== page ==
During the cold war, the American and Soviet navies put huge efforts into hiding their submarines, and into detecting the other side’s submarines, and as a result, there were huge advances in the technology required for listening for any signals from the ocean depths. And the two navies heard some unusual things.
From the mid-1970s onwards, Soviet submarine crews started to report strange sounds in the waters of the Arctic and North Atlantic oceans. These high-pitched, frog-like noises were a mystery to the crews, who started to refer to them as Quackers (Квакеры). It was assumed by many in the Soviet navy that these noises were being made by a secret NATO submarine-detection technology, but at the same time, this explanation didn’t make any obvious military sense (what’s the point of a detection technology that also makes noise?) and didn’t explain why the noises themselves seemed to be similar to more familiar animal-like sounds. The submarine’s crews also inferred (through Doppler shift measurement) that some of these noises were being produced by objects travelling at over 200 kilometers (125 miles) an hour. To this day, the sources of the sounds remain unknown.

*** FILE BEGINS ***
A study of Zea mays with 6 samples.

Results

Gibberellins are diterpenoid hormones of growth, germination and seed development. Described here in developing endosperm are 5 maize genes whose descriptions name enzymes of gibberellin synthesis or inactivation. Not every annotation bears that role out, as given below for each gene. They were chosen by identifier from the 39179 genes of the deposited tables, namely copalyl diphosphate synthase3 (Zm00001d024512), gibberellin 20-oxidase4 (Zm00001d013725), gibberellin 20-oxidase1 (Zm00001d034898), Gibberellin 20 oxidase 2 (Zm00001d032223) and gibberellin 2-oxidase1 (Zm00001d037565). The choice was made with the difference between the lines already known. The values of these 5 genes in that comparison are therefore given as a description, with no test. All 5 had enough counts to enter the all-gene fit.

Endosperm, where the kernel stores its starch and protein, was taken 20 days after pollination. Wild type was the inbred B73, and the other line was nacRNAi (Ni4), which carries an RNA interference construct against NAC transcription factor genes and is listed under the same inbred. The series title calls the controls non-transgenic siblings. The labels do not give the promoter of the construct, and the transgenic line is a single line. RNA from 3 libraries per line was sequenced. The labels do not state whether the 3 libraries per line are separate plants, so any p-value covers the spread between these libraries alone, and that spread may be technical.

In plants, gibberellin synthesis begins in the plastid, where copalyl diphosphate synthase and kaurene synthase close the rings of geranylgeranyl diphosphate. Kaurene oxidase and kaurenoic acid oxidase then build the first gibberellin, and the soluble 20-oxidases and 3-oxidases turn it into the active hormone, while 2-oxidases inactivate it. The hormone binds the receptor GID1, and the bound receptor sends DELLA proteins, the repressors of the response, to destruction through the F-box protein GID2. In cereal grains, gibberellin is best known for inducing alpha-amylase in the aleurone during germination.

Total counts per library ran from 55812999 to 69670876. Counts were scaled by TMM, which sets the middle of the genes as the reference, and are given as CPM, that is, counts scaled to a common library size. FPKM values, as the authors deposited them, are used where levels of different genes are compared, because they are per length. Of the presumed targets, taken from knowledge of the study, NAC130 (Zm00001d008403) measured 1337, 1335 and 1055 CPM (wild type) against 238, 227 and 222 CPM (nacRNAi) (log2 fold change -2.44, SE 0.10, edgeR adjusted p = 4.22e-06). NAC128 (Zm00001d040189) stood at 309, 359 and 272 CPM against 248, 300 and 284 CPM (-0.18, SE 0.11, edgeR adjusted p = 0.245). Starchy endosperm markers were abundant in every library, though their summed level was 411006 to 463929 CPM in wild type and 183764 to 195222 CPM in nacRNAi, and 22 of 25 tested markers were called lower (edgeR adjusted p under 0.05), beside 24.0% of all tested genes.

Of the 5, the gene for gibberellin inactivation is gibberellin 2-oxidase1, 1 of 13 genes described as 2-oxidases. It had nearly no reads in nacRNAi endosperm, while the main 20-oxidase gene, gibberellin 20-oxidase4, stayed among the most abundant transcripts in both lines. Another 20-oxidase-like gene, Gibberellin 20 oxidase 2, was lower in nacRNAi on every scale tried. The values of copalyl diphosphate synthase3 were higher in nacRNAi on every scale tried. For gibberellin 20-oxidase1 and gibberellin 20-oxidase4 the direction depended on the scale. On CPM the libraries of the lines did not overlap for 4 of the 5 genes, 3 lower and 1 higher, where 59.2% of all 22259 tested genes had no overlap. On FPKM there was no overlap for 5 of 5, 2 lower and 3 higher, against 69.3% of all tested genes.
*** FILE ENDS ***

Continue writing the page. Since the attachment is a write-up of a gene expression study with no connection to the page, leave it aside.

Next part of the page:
On the other side of the world, the United States Navy Equatorial Pacific Ocean autonomous hydrophone array had been listening out for Soviet (and later Russian) submarines since the mid 1960s, and in 1997 they recorded a powerful ultra-low frequency underwater sound with no obvious source. The sound, which they called the Bloop, was heard at a range of over 5,000 kilometers, and is several times louder than the blue whale, the loudest known underwater animal sound. Though there are various theories about what might have caused the Bloop (including some kind of giant squid — an explanation also occasionally offered about Quackers), there is no comprehensive explanation, and the source of the sound, like the Quackers, remains unknown.
Listen to the Bloop (sped up sixteen times):
Or take a listen to the real-time recording here.
Though there are no easily-available recordings of Quackers, they have been extensively reported on within Russia, including this (slightly kitschy) Russian-language TV documentary, Quackers, The Military Evidence:
There were many other strange sounds first heard by human ears as a result of this frenetic submarine-chasing cold war activity, but the Quackers and the Bloop remain, for now, mysterious.